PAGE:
Friday, 21 December 2012

Living the life Ecuador Coast

Man of La Mancha

 Salinas does not have its cultural arts base set in the performing arts, so when we were approached with an opportunity to not only see this production but support a worthy cause, we jumped at the chance.
The ticket price was set at $5.00 and it was to be shown at the SalinasYacht Club. Yet another bonus- until now we have not been to the yacht club, so we took this opportunity to take a look around.
Running late, we jumped into a taxi that let us off at the gate to the yacht club, where we were to meet another couple that had asked us to purchase tickets.
We made our way from the gate to the building where the musical was to be shown. This play was being performed by adults with disabilities such as Downs Syndrome, so the first thing I noticed was that the play was being shown on a floor of the building that can only be accessed by stairs. As some of our friends have physical difficulties, we thought that this was not the best idea.
A small stage was set up in an area that is used for dancing; the stage was raised, which helped the audience see better. They had speakers on both sides and lighting for the stage. The performance was produced by Fundacion Gabriel. 
There was ample seating and the crowd was from all parts of the community, old and young.
The speeches and performance were in Spanish. I doubt that there are many from my generation that have not read or have not seen this production. The fact that it was in Spanish did not detract from the performance.
The opening performance was a two man skit called Rompi la Dieta. This piece to me followed the line of mime and turned out to be quite funny.

 We then moved on to the main event, and with the aid of narration, the play began. With the exception of the narrator, the spoken word was recorded and the players were to mime the parts.
It worked well and took the risk of forgetting the lines out of the picture.
A lot of effort was put into the parts played by the individuals. Their costumes were bright and fun.

As the play unfolded and the characters entered the stage, their colorful attire and the sound track melded into a nice performance.

The crowd seemed quite taken with the performance and were making noises that indicated appreciation.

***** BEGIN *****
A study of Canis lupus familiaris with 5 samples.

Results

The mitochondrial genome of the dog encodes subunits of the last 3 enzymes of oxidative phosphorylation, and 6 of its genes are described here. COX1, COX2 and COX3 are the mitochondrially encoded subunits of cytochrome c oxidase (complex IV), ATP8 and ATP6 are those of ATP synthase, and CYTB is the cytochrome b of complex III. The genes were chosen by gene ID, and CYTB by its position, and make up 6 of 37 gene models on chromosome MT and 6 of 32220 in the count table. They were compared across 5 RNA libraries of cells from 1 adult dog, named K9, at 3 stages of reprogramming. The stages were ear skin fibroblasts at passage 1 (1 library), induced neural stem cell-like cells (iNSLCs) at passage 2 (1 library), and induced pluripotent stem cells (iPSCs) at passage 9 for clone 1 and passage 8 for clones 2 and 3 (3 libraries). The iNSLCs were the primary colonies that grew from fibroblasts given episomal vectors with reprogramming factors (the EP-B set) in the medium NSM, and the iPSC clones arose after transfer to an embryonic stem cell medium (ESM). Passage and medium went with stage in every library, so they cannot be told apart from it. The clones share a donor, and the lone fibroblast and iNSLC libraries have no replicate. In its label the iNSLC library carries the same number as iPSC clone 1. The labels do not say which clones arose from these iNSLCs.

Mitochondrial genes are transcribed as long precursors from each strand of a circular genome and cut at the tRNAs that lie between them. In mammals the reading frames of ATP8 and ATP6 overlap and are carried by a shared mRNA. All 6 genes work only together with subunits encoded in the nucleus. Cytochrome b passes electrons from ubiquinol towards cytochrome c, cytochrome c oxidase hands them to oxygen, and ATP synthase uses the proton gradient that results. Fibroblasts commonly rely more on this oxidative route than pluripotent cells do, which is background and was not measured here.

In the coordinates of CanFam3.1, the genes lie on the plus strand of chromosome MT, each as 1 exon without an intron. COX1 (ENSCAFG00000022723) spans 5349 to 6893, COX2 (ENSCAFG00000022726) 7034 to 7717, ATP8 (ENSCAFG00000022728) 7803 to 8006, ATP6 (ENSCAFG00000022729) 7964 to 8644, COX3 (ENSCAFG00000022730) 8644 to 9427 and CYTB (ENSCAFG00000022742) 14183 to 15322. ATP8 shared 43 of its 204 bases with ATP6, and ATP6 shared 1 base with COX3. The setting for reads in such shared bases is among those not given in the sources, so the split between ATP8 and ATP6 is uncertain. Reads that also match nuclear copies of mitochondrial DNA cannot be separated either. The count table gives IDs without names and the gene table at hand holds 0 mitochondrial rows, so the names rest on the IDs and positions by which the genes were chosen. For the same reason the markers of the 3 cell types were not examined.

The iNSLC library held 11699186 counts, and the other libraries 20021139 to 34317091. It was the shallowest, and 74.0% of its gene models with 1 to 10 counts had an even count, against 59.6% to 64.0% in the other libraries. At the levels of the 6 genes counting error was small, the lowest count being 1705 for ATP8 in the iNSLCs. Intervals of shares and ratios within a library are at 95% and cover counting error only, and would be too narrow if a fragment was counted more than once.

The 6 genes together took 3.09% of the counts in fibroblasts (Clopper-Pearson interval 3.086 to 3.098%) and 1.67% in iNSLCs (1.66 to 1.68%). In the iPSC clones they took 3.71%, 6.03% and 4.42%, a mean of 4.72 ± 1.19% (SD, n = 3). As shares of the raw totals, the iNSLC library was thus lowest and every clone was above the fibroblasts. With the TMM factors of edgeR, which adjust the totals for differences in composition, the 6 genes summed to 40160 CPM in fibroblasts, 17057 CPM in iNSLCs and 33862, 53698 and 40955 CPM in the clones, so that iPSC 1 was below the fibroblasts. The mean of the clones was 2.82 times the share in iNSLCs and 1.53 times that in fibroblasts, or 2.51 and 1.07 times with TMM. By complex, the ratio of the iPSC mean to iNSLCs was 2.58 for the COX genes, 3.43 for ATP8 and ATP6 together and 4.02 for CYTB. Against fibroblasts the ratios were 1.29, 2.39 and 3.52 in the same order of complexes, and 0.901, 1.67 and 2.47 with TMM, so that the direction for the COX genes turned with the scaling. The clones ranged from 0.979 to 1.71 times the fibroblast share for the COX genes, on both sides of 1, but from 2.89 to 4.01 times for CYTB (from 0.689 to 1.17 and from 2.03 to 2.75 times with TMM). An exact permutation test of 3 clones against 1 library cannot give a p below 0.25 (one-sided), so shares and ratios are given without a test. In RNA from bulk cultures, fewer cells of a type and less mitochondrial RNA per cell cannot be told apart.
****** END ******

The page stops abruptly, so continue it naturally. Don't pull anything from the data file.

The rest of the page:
From this point, I have included a number of images that show the performers and their colorful costumes in various parts of the play. At the end, I have put together a slide show of most of the images I was able to take and set them to music. I hope that you enjoy the play as much as I did.

This month

December 15, 1791 - The Bill of Rights (first 10 amendments to the U.S. Constitution) became effective following ratification by Virginia.
December 15, 1840 - Napoleon was buried in Les Invalides in Paris. He had died in exile on the island of Saint Helena after his fall from power.
December 15, 1890 - Sioux leader Sitting Bull (native name Tatanka-yatanka) was killed in a skirmish with U.S. soldiers along the Grand River in South Dakota as his warriors tried to prevent his arrest.
December 15, 1939 - Gone With the Wind had its world premiere in Atlanta, introduced by producer David O. Selznick and featuring appearances by Vivien Leigh and Clark Gable.
December 15, 1943 - The Battle of San Pietro took place during World War II as a German panzer battalion devastated American forces trying to take the 700-year-old Italian village. Hollywood director John Huston, serving as an army lieutenant, filmed the battle and left behind a graphic account.
December 15, 1961 - Nazi SS-Colonel Adolf Eichmann was sentenced to death in Jerusalem for his role in the Holocaust. Eichmann had organized the deportation of Jews from all over occupied Europe to Nazi death camps.
December 15, 1964 - Canada adopted a new national flag featuring a red maple leaf on a white background.
December 15, 1989 - The dictatorship of General Augusto Pinochet ended in Chile. Pinochet had come to power in 1973 after a military overthrow of the democratically elected government.
December 15, 1993 - The GATT (General Agreement on Tariffs and Trade) Treaty was approved by delegations from 117 countries. The treaty was designed to reduce international tariffs, eliminate trade quotas, and protect intellectual property.
December 15, 1995 - European Union leaders announced their new currency would be known as the Euro.
Birthday - French engineer Alexandre Eiffel (1832-1923) was born in Dijon, France. He designed the Eiffel Tower for the Paris International Exposition of 1889. He also helped design the Statue of Liberty.